Generosity on aisle 3
At a group of grocery stores in western Washington, multiple sclerosis has been front and center for years.
Soon after Pilar Hari took a job as a cashier at Haggen Food & Pharmacy in Mount Vernon, Washington, in 2016, she found it offered more than a chance to get out of the house and have contact with adults: it gave her a new cause to champion.
When Hari heard about the store’s fundraiser for the National Multiple Sclerosis Society, her competitive spirit kicked in and she set out to double the previous year’s goal.
“I don’t know why, but I felt inspired to send an email companywide stating my goal of raising $10,000,” Hari says. “And we did it.”
Kaily Hetherton was still in high school when she started working in the produce department at the Haggen store in Burlington, Washington. She was drawn into the store’s community spirit soon after. She made Halloween treat bags for kids, got to know the old men who solved the world’s problems over coffee in the store’s cafe and organized silent auctions, barbecues and Zumba fundraisers for the Society.
And so, with the passionate commitment of its employees, managers and customers, the small Pacific Northwest grocery store chain has accomplished a feat few have: raising $1 million for the Society.
A relationship long and strong
The Society has been a favorite charity at Haggen since 2006, when one of its executives asked for support after his wife was diagnosed with MS. The grocery store chain rallied around the couple.
Through the years, like Hetherton and Hari, many employees have gone beyond selling orange paper feet at the register for $1 to raise funds for the Society. They talk to their customers about the disease, organize fundraisers and, if they’re not participating in Walk MS or Bike MS, they help feed those who do. Many barbecues, silent auctions and book sales later, Haggen is among the Society’s top fundraisers, a member of its Circle of Distinction.
Most of the funds Haggen raises for the Society come from its generous customers, says Hetherton, now community relations manager of the company and the Haggen Foundation.
“We wouldn’t have made that million-dollar mark if it wasn’t for our dedicated customers who have supported us over the years,” she says. Just as cashiers have pledged their commitment to educate and share resources about MS with Haggen customers, shoppers take the time to ask questions about the disease and show their support through monetary donations.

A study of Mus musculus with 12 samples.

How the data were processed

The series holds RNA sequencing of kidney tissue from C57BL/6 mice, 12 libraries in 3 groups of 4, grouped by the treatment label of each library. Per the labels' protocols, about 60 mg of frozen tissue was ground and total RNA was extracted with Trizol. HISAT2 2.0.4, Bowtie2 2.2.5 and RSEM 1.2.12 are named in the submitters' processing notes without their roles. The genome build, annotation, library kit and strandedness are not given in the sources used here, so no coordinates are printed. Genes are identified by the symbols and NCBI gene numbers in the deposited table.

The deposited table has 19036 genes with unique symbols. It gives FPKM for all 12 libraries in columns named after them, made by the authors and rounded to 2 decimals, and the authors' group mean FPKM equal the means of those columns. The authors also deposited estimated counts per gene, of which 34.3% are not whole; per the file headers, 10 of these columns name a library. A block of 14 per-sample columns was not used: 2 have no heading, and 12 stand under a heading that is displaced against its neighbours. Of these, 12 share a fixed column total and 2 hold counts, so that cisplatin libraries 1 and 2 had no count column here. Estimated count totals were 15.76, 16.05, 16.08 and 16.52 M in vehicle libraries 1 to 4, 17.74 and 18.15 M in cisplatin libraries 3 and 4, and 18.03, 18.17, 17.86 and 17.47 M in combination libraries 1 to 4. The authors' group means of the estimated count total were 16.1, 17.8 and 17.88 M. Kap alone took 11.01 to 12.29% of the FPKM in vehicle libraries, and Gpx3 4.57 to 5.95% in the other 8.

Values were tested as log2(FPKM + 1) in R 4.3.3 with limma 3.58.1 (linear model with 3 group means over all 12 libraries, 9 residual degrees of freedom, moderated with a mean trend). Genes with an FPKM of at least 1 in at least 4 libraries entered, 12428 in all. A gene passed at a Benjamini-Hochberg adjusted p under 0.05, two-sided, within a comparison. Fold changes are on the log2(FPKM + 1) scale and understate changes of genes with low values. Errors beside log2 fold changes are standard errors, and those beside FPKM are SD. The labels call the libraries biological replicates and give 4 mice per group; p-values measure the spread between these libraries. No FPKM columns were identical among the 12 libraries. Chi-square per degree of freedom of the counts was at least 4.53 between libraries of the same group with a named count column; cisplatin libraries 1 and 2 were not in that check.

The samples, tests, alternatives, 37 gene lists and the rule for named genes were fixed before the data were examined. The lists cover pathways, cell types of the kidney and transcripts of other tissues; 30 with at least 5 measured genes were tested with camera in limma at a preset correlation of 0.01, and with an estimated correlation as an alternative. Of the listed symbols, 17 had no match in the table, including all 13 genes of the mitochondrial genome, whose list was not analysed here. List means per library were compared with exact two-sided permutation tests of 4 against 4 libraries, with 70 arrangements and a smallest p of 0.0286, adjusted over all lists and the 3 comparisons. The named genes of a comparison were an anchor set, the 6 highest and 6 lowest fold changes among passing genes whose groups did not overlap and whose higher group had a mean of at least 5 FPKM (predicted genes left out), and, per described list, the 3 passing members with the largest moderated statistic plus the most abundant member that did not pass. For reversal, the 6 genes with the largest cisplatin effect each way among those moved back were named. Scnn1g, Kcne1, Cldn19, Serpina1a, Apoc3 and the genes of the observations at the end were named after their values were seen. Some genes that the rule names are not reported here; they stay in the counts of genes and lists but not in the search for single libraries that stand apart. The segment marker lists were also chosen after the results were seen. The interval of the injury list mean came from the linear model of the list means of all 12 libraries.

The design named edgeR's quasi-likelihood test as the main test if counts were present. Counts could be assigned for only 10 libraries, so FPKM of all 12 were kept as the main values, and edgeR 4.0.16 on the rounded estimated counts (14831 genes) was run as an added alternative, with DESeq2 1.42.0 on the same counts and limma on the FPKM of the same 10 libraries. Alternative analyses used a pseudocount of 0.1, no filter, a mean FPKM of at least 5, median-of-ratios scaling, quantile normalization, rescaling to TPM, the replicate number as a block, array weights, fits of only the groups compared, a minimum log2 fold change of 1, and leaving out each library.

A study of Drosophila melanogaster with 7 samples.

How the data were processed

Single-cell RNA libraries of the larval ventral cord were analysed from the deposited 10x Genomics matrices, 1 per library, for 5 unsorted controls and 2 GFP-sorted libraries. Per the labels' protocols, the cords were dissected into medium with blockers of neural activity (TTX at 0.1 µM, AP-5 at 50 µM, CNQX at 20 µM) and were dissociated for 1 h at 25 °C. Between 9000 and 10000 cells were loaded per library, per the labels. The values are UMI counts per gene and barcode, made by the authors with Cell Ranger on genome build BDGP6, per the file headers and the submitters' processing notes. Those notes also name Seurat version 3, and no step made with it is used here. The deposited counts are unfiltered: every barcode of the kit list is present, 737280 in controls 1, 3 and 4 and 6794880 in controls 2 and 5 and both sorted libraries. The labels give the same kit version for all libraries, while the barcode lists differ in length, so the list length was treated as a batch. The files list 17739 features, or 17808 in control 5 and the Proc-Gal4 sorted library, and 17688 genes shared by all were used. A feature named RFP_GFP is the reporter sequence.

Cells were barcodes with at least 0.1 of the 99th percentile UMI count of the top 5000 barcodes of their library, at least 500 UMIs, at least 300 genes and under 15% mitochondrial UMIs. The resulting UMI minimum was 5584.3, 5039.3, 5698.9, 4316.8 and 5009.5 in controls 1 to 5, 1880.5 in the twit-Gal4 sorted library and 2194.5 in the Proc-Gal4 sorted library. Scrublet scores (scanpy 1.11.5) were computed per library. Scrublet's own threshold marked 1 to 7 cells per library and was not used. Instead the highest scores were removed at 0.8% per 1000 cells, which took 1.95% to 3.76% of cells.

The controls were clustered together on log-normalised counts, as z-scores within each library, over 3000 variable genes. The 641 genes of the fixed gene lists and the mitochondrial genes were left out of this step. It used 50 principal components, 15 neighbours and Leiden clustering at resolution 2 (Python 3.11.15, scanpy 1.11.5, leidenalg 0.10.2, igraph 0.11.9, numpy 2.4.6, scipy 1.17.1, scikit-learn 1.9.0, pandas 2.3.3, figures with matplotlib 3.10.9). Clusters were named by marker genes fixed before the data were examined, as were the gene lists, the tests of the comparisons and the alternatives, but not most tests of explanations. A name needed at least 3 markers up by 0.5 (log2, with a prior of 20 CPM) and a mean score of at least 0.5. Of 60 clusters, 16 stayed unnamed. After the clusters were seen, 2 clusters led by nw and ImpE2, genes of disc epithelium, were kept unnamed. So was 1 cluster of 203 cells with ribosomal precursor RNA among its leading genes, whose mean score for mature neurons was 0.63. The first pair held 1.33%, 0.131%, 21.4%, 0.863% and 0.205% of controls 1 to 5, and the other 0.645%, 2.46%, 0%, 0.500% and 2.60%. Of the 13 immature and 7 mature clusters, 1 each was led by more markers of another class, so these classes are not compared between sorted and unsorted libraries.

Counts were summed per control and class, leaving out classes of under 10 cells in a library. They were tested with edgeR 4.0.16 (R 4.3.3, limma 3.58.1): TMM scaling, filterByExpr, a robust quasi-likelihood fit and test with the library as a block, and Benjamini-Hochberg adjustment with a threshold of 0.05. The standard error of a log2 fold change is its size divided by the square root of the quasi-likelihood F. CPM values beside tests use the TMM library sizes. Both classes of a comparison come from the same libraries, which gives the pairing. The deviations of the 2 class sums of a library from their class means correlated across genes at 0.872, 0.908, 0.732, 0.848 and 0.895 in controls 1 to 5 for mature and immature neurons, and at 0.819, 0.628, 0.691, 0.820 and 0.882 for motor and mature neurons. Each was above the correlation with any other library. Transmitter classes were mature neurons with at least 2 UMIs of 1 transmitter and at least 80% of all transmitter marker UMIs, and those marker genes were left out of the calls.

Haggen’s focus on community is demonstrated by its staff, particularly the cashiers, who encounter people affected by MS each day, says Laurie Johnson, president of the Society’s Greater Northwest Chapter.
“It’s those frontline workers who have been behind this incredible support all along because of their commitment to the people in their community,” Johnson says. “They are the fundraisers for this effort, and because the people they serve in their lines care about them, they care about us.”
Haggen dates back to the Great Depression, when Ben and Dorothy Haggen and partner Doug Clark pooled $1,000 to stock the shelves of their first store in Bellingham. Even during scarce times, the owners contributed to their community.
Haggen, which operates 15 stores in western Washington, is well known for more than its sustainable meats, prime produce and made-from-scratch meals.
“We’re more than a grocery store,” Hetherton says. “We’re a community hub.”
Hari, now a community relations assistant manager, still remembers how impressed she was after she moved from California and started shopping at her neighborhood Haggen. People gathered in the aisles to catch up, and employees took the time get to know her.
“When I walked in the store, they would call me by name. ‘Hey, Pilar, how are you?’ ” she recalls. “And I was just floored.”
It’s with that backdrop that customers have been willing to splurge $5 on a hot dog lunch – sometimes even throw in a $20 bill – and help fund research for an MS cure.
The pandemic limited fundraisers, but Haggen stores plan to resume events soon, Hetherton says.
The Golden Rule
Through the years, the campaigns for MS have brought into focus the principle of treating others the way you want to be treated, Hetherton says. “We don’t know what anybody else is going through.”
She realized early on in her efforts for MS that the disease can be close to home. After Hetherton posted something about a silent auction on Facebook, a friend reached out to thank her because she had been diagnosed with MS that year.
“As you’re doing these fundraising campaigns in the store,” Hetherton says, “people come up to you and say, ‘My mom, my grandma, my grandpa, my kid, my whoever is impacted by MS,’ and I just became really invested in trying to do whatever I could to put the effort in to help end MS or find treatment options.”
Particularly touching for Hari was the time a customer she’d talked to about the disease returned to the store where she was a cashier with news that shocked her: “Guess what? This is what I’ve just been diagnosed with.”
Thanks to Haggen’s outreach, the woman told Hari, she knew where to turn for resources.
Hari says customers praise the store’s efforts to raise awareness, speak of their personal connection to MS and tell her “You bet I’m donating.”
“Those are the sparkle moments we hope for,” she says.